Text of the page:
Summary of "International Conflict Resolution: The US-USSR and Middle East Cases"

 

Summary of

International Conflict Resolution: The US-USSR and Middle East Cases

By Louis Kriesberg

Summary written by Conflict Research Consortium Staff


Citation: Kriesberg, Louis. International Conflict Resolution: The U.S.-U.S.S.R. and Middle East Cases. New Haven, Connecticut: Yale University Press, 1992, 275 pp.


International Conflict Resolution presents an analysis of international conflict de-escalation and negotiation by investigating Arab-Israeli and U.S.-USSR de-escalation efforts.

International Conflict Resolution will be of interest to those who seek to understand the history of conflict de-escalation during the Cold War, and in the Middle East. This work is divided into nine chapters with an epilogue.

Chapter One presents an overview of de-escalation and peace-making strategies. Three theoretical approaches to international conflict are describes: statism, pluralism and populism. The author argues that win-win solutions are possible in international conflicts, and that effective conflict resolution will rely on the use of persuasion and positive sanctions. Chapter Two then examines U.S.- USSR relations and Middle East cases. De-escalation efforts in each case are examined and contrasted. Chapter Three argues that de-escalation generally occurs because takes the initiative and begins the conflict resolution process. Kriesberg presents chronologies of major U.S.-USSR, and Arab-Israeli de-escalation initiatives. Based on these chronologies, the author distinguishes four general de-escalation patterns. These patterns include multiple de-escalation initiatives, differing frequency of initiatives over the course of the conflict, and differing levels of activity among the various parties to the conflict. Chapter Four then seeks general explanations for the timing and causes of de-escalation initiatives. Kriesberg identifies three explanatory factors: domestic circumstances, international context, and the relations between the conflicting parties. The impact of each of these factors is explored in some detail, in regard to both the U.S.-USSR, and Arab-Israeli situations. While the interplay of these factors is too complex to permit one single de-escalation strategy, the author does explore the general implications for de-escalation of these factors.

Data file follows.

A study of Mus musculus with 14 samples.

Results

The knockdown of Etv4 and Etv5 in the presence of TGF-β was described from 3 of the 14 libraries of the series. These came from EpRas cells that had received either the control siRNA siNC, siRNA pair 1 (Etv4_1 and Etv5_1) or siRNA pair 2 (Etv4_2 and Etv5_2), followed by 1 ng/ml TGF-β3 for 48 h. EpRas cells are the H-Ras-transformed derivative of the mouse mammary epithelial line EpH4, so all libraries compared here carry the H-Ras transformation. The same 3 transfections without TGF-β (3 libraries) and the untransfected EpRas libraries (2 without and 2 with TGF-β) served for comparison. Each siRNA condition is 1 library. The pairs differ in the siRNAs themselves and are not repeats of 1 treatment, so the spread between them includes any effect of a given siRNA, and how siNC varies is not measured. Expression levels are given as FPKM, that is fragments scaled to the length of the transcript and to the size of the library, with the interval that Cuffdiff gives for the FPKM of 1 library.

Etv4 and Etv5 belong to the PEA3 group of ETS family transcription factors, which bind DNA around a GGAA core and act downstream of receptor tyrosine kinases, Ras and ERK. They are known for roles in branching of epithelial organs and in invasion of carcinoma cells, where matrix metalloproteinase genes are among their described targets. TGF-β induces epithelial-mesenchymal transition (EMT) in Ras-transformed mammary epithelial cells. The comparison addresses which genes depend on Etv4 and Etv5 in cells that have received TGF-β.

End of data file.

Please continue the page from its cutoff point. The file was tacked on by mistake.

Chapter Five discusses the process of starting negotiations. Many initiatives fail to spark negotiations. Kriesberg explores the ways in which the content, form and context of initiative can be more and less effective in promoting the move to negotiation, once again drawing upon U.S.-USSR, and Arab-Israeli cases. Important factors in bringing conflicting parties to the negotiation table include leadership, popular support for peace, quality of the adversaries relationship, and the presence of a conceptual framework which supports resolution. Chapter Six then investigated the negotiation process itself. The author evaluates various negotiated de-escalation agreements between the U.S. and USSR, and between Arabs and Israelis. Based on these cases the author suggests some general guidelines for producing effective negotiations. Chapter Seven focuses on the consequences of negotiated agreements; which agreements have resulted in lasting de-escalation? Drawing upon his case studies, Kriesberg argues that while implemented agreements tend to last, the consequences of such agreements vary. The variations and commonalties are summarized in the conclusion to the chapter.

Chapter Eight discusses the cumulative effects of five decades of peace-making efforts. The author draws on his earlier findings to explain why U.S. - Soviet relations improved, yet the Middle East remain very conflicted. The final chapter takes a broader view of U.S.-USSR, and Arab-Israeli relations. The author assesses the costs of such protracted conflicts. He evaluates the extent to which the conflict resolution perspective explains and accounts for actual occurrences, and suggests implication for future policy-making. Finally, the author explores the relation between conflict de-escalation and peace-making. In the Epilogue the author briefly analyses the 1991 Persian Gulf war.

International Conflict Resolution presents a thorough investigation of international conflict de-escalation initiatives and processes in the Middle East and during the Cold War. The text is clearly written, and numerous tables and chronologies make the historical record very accessible.